By Eye² Staff

Jill Woods, MCOptom, FBCLA, the lead author of the study, left, with VTI’s Sally Dillehay, OD.

A new contact lens design for myopia progression control (MPC) developed by Visioneering Technologies, Inc. (VTI), an Alpharetta, Ga.-based start-up, shows significant potential for decreasing myopic progression based on animal study results, according to a paper published in the journal, Investigative Ophthalmology and Visual Science (IOVS).

Conducted by the Centre for Contact Lens Research at the University of Waterloo's School of Optometry & Vision Science in Canada, the purpose of the randomized, masked animal study was to determine the effect of wearing VTI's unique MPC optical design on the development and progression of defocus-induced myopia in newly hatched chickens.

According to the published study, the patented VTI MPC lens designs caused a significant reduction in the development of defocus-induced myopia over a 14-day wearing period as compared to a control contact lens that was identical in every aspect except for the inclusion of the VTI MPC optical design. It further reported that there was also a significant axial length difference with the control group showing increased ocular axial growth as compared to the Test VTI MPC design groups.

"This study using VTI MPC lens designs (-10D) is the first to report nearly complete inhibition of defocus-induced myopia in chickens compared to control lenses (also -10D)," commented Jill Woods, MCOptom, FBCLA, the lead author of the study. "The lack of significant axial length increase seen with the VTI MPC test groups indicates that these lens designs reduced defocused-induced myopia progression through the inhibition of axial elongation." Dr. Woods added: "Further work is still needed to determine the exact mechanisms by which the lens designs decreased the development of myopia, but the potential shown to decrease the development of myopia was significant."

Myopia, the inability to see objects clearly at a distance, has a prevalence rate of 40 percent to 50 percent in the U.S. and Europe, with prevalence rates as high as 80 percent in some Asian countries. Myopia is the main cause of distance visual impairment worldwide, and is also associated with an increased risk of certain potentially sight-threatening conditions including glaucoma and retinal detachments.

The chicken model has been used to test the ocular development of myopia and other ocular conditions for over 50 years, according to Elizabeth Irving, OD, PhD, professor and University Research Chair at the University of Waterloo's School of Optometry and Vision Science and also an author on the publication. Dr. Irving, who has spent most of her career studying the development of refractive conditions in animals and humans, noted: "The chicken model of myopia development is not always directly applicable to humans, but most of the significant findings found in chicks have been subsequently replicated in monkeys and a wide variety of other species, indicating that the chicken model is robust and therefore an indicator of the possibility of similar results with the lens design in humans."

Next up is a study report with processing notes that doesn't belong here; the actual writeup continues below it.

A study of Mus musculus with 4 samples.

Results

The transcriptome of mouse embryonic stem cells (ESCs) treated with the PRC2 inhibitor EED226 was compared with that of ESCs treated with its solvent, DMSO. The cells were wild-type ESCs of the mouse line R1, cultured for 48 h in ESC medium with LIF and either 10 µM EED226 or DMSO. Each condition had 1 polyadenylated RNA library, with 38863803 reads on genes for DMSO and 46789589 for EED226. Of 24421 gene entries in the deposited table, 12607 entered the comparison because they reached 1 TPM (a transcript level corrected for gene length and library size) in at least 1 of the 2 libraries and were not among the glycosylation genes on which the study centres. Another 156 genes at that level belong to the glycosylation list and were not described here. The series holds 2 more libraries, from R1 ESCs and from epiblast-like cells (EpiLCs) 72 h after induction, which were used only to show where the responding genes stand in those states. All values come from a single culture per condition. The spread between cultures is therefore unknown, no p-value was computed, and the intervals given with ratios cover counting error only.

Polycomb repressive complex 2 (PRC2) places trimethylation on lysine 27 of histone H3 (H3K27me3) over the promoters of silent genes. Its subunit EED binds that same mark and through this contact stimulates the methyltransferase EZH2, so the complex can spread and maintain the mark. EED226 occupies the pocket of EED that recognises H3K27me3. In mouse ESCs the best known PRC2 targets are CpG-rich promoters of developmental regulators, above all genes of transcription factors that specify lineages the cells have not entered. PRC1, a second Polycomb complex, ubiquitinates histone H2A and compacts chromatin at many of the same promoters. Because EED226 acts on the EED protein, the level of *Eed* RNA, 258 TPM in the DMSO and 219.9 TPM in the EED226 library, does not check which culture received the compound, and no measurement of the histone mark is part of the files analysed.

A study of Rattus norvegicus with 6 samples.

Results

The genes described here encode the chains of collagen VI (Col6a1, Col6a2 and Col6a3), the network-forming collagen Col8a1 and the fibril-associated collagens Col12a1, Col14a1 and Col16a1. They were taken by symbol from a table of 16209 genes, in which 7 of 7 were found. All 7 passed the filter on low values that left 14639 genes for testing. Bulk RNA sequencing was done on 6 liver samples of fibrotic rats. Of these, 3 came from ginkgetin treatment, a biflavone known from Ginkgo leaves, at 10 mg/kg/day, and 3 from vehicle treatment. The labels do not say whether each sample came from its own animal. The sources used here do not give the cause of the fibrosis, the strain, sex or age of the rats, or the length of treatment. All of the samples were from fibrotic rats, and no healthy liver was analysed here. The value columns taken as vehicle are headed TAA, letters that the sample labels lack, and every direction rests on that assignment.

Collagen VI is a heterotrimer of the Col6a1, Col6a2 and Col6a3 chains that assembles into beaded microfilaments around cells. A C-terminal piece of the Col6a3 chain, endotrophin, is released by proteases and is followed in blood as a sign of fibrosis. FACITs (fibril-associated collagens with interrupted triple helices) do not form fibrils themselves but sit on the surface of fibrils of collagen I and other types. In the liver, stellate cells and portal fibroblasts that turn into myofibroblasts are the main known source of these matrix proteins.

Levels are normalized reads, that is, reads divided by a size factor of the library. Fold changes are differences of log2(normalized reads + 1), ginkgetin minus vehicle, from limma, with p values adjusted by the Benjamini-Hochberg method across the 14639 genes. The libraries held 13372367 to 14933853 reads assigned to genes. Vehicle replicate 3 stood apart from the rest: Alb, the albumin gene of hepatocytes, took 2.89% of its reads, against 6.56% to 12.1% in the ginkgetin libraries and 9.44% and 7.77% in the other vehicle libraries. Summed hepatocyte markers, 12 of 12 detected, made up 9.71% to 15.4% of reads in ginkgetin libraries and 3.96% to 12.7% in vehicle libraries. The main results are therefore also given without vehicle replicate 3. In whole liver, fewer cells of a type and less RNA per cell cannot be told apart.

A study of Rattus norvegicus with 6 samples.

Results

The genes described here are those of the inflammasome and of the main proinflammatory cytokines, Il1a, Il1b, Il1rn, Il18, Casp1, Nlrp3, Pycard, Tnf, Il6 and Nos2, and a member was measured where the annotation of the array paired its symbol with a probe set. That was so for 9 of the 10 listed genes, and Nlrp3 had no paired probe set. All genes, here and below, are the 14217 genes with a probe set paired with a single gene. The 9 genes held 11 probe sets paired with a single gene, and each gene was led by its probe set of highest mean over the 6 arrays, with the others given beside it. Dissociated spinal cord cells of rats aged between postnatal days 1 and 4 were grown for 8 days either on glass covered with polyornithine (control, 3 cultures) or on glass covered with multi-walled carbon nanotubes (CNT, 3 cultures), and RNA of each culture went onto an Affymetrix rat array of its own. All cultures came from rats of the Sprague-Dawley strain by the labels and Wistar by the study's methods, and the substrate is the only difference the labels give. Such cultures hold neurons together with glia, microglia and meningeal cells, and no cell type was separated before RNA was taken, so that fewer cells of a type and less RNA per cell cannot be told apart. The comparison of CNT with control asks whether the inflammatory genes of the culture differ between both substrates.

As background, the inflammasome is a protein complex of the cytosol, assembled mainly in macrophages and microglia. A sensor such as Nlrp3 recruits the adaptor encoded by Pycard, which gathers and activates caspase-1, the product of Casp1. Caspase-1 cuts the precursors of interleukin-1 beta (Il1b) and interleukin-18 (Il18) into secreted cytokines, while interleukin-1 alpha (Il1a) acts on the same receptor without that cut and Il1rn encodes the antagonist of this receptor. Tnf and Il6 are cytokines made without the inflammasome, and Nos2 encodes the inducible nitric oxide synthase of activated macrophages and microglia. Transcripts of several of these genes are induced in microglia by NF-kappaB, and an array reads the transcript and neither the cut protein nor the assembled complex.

"To date, various strategies to prevent or slow the progression of myopia in humans, such as bifocals, undercorrection and cycloplegia, have generally either been unsuccessful in the long-term, or given rise to unacceptable side-effects," according to Sally Dillehay, OD, vice president of clinical and regulatory affairs for VTI.

"If the VTI MPC lens designs can be as effective in humans as they were in this chicken study, the potential for controlling myopia progression is significant," Dr. Dillehay said. "We have already conducted several short-term trials in humans and the vision with the VTI MPC lenses has been excellent." VTI is now in the planning stages for the longer-term trials to demonstrate that the lens is effective in humans for decreasing the progression of myopia, according to the company.

Visioneering said its new contact lens technology has multiple applications including control of myopic progression as well as multifocal vision correction for presbyopia. The company expects to introduce a contact lens for presbyopia incorporating its unique technology in early 2014, according to Joe DeLapp, president and CEO of VTI. An intraocular lens using VTI's technology for presbyopia is also under development.

Visioneering Technologies develops ophthalmic lens technologies for presbyopia and myopia progression control to new contact lenses and IOLs as well as refractive surgery lens designs. DeLapp is an industry veteran with more than 30 years of management experience in bringing new products to the opthalmic marketplace. Dr. Dillehay has more than 25 years of clinical experience in ophthalmic technologies. The company's proprietary lens technologies were developed by a former aerospace engineer and optometrist, Richard Griffin, OD.